Hello all, I’m finally getting around to blogging about the new Rate Your Story logo that I designed! Due to a very busy time in my personal life I have been behind in my blog posts, and I wanted to be able to spend some time explaining about the process and the experience of the design of the logo.
If you are a writer and aren’t familiar with Rate Your Story, then you should definitely check them out: http://rateyourstory.blogspot.com/
You can submit your story of any genre for a 1-10 rating by published writers, free of charge! So before you submit your story or article to a publisher, agent, or magazine, why not have a professional take a peek and give you a rating?
Back earlier in 2012, Miranda Paul of Rate Your Story put out a call to illustrators who might be interested in designing a new logo for the website. So I scribbled out a couple of my ideas for the logo and sent them in. I was thrilled when I was contacted a few weeks later and was told that they liked my design and would I be interested in designing the logo? You bet!
I eagerly began cleaning up my original design and chose a font and color. Miranda and the other judges would make suggestions and I would do the revisions and send them back. Here is one of my early drafts of the logo based on my first design:
What came next was, I’ll admit at the time, a bit of a heartbreak for me: they liked the logo, but they wondered if I would mind submitting some different ideas for the logo? I could tell that Miranda was nervous asking me as she knew I had put some time and work already into the logo. I was sad, but I wanted them to be happy; this was after all, their logo! As an artist I must admit that there are times where we fall in love with our ideas, and as an artist you have to be able to take constructive criticism and face the fact that others may just not be as in love with your ideas and designs as you are (the nerve, LOL!). Man I loved those stars! Could I please keep the stars?
Back when I was in school, one of my professors whom I admire greatly, Brian Sauriol, taught us that it’s not a good idea to fall too in love with our work. He would demonstrate this by taking a piece that he spent hours painting, hold it up in front of the class, and destroy it (to the collective groan of the class). Why? Because by falling in love with our work we are essentially making ourselves smaller as an artist. If we get too involved with our work we are not as open to new ideas or viewpoints, and we don’t push ourselves or explore alternative ideas. I pondered that lesson as I got out my sketchpad and set to work on new some designs.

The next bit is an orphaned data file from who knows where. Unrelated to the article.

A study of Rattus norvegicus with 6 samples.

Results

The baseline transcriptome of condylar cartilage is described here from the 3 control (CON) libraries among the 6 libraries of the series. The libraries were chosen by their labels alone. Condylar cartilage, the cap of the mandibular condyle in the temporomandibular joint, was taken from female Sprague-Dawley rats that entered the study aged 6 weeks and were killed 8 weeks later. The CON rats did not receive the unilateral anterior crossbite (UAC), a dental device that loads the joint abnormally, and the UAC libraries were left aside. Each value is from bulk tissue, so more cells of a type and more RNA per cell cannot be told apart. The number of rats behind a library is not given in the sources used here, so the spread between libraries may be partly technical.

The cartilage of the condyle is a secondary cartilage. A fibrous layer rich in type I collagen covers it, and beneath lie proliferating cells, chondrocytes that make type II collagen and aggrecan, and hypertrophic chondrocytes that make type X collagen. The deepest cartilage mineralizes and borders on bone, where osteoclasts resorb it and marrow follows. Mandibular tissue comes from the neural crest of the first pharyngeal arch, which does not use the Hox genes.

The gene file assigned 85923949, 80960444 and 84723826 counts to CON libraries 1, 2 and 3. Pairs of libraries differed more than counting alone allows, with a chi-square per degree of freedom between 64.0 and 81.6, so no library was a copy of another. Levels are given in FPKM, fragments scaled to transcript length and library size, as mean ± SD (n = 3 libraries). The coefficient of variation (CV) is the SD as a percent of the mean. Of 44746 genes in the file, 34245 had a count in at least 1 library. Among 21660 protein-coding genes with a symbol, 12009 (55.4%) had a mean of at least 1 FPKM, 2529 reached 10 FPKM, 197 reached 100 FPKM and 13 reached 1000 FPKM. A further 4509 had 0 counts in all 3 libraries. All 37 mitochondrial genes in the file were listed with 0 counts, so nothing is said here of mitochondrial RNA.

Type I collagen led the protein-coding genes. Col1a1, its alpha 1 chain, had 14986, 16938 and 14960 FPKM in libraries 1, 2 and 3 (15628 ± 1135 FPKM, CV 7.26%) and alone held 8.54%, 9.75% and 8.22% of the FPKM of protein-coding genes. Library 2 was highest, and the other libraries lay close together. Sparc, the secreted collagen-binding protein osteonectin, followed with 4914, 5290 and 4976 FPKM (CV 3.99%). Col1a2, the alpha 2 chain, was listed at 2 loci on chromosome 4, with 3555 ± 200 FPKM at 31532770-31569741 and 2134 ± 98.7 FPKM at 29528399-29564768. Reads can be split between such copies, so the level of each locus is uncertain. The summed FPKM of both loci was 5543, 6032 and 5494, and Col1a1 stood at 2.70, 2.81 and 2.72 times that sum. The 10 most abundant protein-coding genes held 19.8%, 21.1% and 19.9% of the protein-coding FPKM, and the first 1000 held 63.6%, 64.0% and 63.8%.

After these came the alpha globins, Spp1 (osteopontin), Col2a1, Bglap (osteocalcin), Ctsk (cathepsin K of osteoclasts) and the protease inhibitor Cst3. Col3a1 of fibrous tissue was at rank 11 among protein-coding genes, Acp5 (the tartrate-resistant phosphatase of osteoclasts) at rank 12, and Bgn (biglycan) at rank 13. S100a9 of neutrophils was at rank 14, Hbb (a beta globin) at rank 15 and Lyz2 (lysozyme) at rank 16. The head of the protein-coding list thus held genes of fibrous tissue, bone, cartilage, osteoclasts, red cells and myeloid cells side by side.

I sketched out some very rough ideas and submitted them, but I wasn’t that thrilled with them. I felt they were a bit boring and flat. There was a lot of back and forth ideas and suggestions through e-mail. Someone had suggested using a person in the logo, so I did another rough sketch. I was happy that that one was scrapped as I felt that the logo was too busy with a person in it. But that didn’t stop me from sneaking in more stars!
Then one day I had an image come to me; I felt it was a long shot away from what they were looking for, but I submitted it anyway with hope. Miranda wrote back that they liked it! I was thrilled because I really liked this design!
The first final logo that I submitted is pretty much straight from my rough sketch.
Miranda replied that they loved it! I was very happy too. Then one more suggestion from Rate Your Story (“What??” my inner artist cried. “But isn’t it perfect as it is?”)
They asked if I could remove the periods from after the numbers, and I feel the logo is cleaner without them. Also, the original final logo that I submitted had a white background. Miranda humbly asked if maybe I could add some color, and expand the quill beyond the border?
Viola! A new logo is born! The above logo, which is longer than the logo that I have at the top of this blog post, was originally modified for the Facebook Page; however we found that it also fit the actually Rate Your Story webpage better than the original condensed logo. So the above logo is what is now displayed at the top of the page.
I also created badges that will be given to people who submit their stories to Rate Your Story to display on their own blogs and webpages. So get busy submitting!
So in the end, Rate Your Story has a spiffy new logo that they are very happy with, and I am very proud to have been able to design it. Not only that, but it was a great experience and it helped me to push the envelope with my own ideas, and the end result I feel is by far better than my original idea for the logo (even without any stars!).
Thank you Miranda Paul and Rate Your Story!